Trump's Deep Cuts to State Department Budget Hurt Diplomacy

(Bloomberg View) -- President Donald Trump's latest proposal to eviscerate the State Department's budget may already be dead on arrival in Congress. It's nonetheless a reminder of how the administration's failure to take diplomacy seriously is undermining its own strategic goals.   

Barely two months after warning in its new National Security Strategy of “growing political, economic and military competitions,” the White House has delivered a foreign-affairs budget that amounts to diplomatic disarmament. It calls for a 29 percent cut to U.S. diplomatic and foreign aid spending next year -- the most to any federal department. Among its ill-considered targets are democracy promotion, peacekeeping, and the fight against disease and climate change. Even worse, the Office of Management and Budget pegs the department’s outlays in 2023 as only 58 percent of this year’s.

Such cleaver cuts may mostly be an empty love letter to Trump’s base, but the administration has already done lasting damage to U.S. diplomacy. More than one-third of the State Department’s 150 positions requiring Senate confirmation remain empty. The U.S. has no ambassador in Seoul to blunt North Korea's recent charm offensive, nor in Egypt, Jordan, Turkey and numerous other hot spots. Secretary of State Rex Tillerson’s controversial restructuring of the State Department has driven away some of America's best and brightest young officers.

More broadly, the president’s erratic rhetoric has tainted global opinion of the U.S. and threatens to turn a decline in soft power into an outright deficit. On recent trips to the Middle East and Latin America, Tillerson’s effort to advance the fight against shared threats was undercut by Trump’s angry denunciations of U.S. partners as “laughing at us” and U.S. aid as a waste of money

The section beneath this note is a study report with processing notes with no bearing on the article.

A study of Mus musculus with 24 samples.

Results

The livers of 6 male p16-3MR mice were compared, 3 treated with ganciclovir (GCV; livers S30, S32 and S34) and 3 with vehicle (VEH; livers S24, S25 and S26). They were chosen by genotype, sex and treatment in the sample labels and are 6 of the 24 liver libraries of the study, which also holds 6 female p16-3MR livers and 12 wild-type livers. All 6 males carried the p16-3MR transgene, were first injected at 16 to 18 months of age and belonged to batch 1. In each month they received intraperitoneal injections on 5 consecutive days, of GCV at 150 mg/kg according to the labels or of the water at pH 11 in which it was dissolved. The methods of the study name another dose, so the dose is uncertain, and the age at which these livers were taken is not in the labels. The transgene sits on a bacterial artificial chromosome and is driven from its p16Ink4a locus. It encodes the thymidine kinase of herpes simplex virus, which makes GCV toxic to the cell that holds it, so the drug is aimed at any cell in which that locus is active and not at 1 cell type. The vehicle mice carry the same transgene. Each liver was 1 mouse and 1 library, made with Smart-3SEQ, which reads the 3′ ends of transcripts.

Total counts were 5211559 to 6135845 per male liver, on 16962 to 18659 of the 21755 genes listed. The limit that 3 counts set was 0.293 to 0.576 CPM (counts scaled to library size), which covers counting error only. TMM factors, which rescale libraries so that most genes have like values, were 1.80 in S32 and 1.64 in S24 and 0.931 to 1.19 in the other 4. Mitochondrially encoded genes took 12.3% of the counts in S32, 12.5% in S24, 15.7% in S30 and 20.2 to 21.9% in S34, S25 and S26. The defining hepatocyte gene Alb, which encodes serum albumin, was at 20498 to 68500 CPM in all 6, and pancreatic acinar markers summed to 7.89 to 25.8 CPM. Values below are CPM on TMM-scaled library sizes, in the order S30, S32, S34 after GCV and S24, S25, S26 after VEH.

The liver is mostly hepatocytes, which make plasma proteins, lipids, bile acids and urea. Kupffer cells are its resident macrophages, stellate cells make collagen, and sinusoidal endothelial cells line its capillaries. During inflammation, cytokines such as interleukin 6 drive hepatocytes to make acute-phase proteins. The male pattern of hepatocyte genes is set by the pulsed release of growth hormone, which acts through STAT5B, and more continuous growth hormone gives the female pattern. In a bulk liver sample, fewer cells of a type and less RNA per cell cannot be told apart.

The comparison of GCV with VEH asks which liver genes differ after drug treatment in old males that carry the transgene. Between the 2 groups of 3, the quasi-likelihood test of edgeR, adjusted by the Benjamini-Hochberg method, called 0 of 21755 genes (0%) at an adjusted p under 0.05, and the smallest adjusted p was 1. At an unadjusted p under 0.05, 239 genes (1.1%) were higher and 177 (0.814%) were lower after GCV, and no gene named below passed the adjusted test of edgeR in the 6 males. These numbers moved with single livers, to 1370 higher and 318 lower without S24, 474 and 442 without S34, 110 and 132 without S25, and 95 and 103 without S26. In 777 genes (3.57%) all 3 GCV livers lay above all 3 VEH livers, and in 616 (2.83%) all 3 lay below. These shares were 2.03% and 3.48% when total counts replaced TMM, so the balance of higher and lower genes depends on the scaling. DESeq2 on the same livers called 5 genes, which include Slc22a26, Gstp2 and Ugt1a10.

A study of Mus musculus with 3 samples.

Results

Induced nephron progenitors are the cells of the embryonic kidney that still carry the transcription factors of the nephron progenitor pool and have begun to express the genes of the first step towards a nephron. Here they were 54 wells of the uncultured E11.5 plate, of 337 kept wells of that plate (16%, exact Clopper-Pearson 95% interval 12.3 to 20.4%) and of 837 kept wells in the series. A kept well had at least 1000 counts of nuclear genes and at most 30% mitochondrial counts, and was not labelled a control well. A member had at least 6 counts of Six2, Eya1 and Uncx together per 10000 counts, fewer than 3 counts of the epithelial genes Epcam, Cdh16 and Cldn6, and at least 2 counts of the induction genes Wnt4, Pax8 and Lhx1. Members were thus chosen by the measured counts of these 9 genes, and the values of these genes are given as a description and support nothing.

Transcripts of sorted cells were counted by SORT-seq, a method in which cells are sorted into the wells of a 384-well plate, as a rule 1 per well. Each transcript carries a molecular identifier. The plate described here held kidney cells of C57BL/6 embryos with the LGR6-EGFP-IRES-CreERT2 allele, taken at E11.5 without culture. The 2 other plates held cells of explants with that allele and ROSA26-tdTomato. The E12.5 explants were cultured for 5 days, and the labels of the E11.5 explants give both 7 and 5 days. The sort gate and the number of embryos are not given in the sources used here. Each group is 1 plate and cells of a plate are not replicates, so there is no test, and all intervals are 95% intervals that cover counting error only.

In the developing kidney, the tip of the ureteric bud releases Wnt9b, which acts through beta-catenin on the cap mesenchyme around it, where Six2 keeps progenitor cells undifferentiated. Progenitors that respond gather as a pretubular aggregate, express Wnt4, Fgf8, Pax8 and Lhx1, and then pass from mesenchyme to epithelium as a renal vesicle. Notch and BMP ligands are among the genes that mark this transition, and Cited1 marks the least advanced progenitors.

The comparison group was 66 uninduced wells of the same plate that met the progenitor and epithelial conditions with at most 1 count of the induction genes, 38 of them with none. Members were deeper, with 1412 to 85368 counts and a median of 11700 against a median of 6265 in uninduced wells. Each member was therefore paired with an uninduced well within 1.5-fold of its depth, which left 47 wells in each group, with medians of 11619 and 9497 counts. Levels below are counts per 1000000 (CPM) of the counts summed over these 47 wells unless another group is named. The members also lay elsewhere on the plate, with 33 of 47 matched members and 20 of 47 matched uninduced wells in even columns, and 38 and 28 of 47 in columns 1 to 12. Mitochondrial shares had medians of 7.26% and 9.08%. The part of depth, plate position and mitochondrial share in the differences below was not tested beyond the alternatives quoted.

For all its failings, the Trump team's strategic vision isn't completely off-base. The return of greater geopolitical competition is real and demands a smart, cost-effective approach. And the fact is, both in terms of personnel and spending as a percentage of federal outlays, the State Department at the end of the Barack Obama years was at historic highs. But lopping off nearly 30 percent of foreign-affairs spending in one blow makes no sense -- especially if you think the world is so dangerous that defense spending must increase by 13 percent.

Congress can use upcoming budget hearings to safeguard proven programs and encourage prudent investments in a more efficient State Department. Tillerson’s plans for improving information technology and unifying efforts to promote investment in developing countries are both good starts that deserve support.

But Congress should also recognize that after more than a year in office, the Trump administration still needs stiff reminders of why diplomacy is a serious and worthwhile taxpayer investment. One way to deliver that message: Use its constitutional power to reject dubious political ambassadorial picks whose selection threatens to undermine U.S. influence. With tight budgets, empty chairs and growing foreign-policy challenges, every appointment must count.

--Editors: James Gibney, Romesh Ratnesar.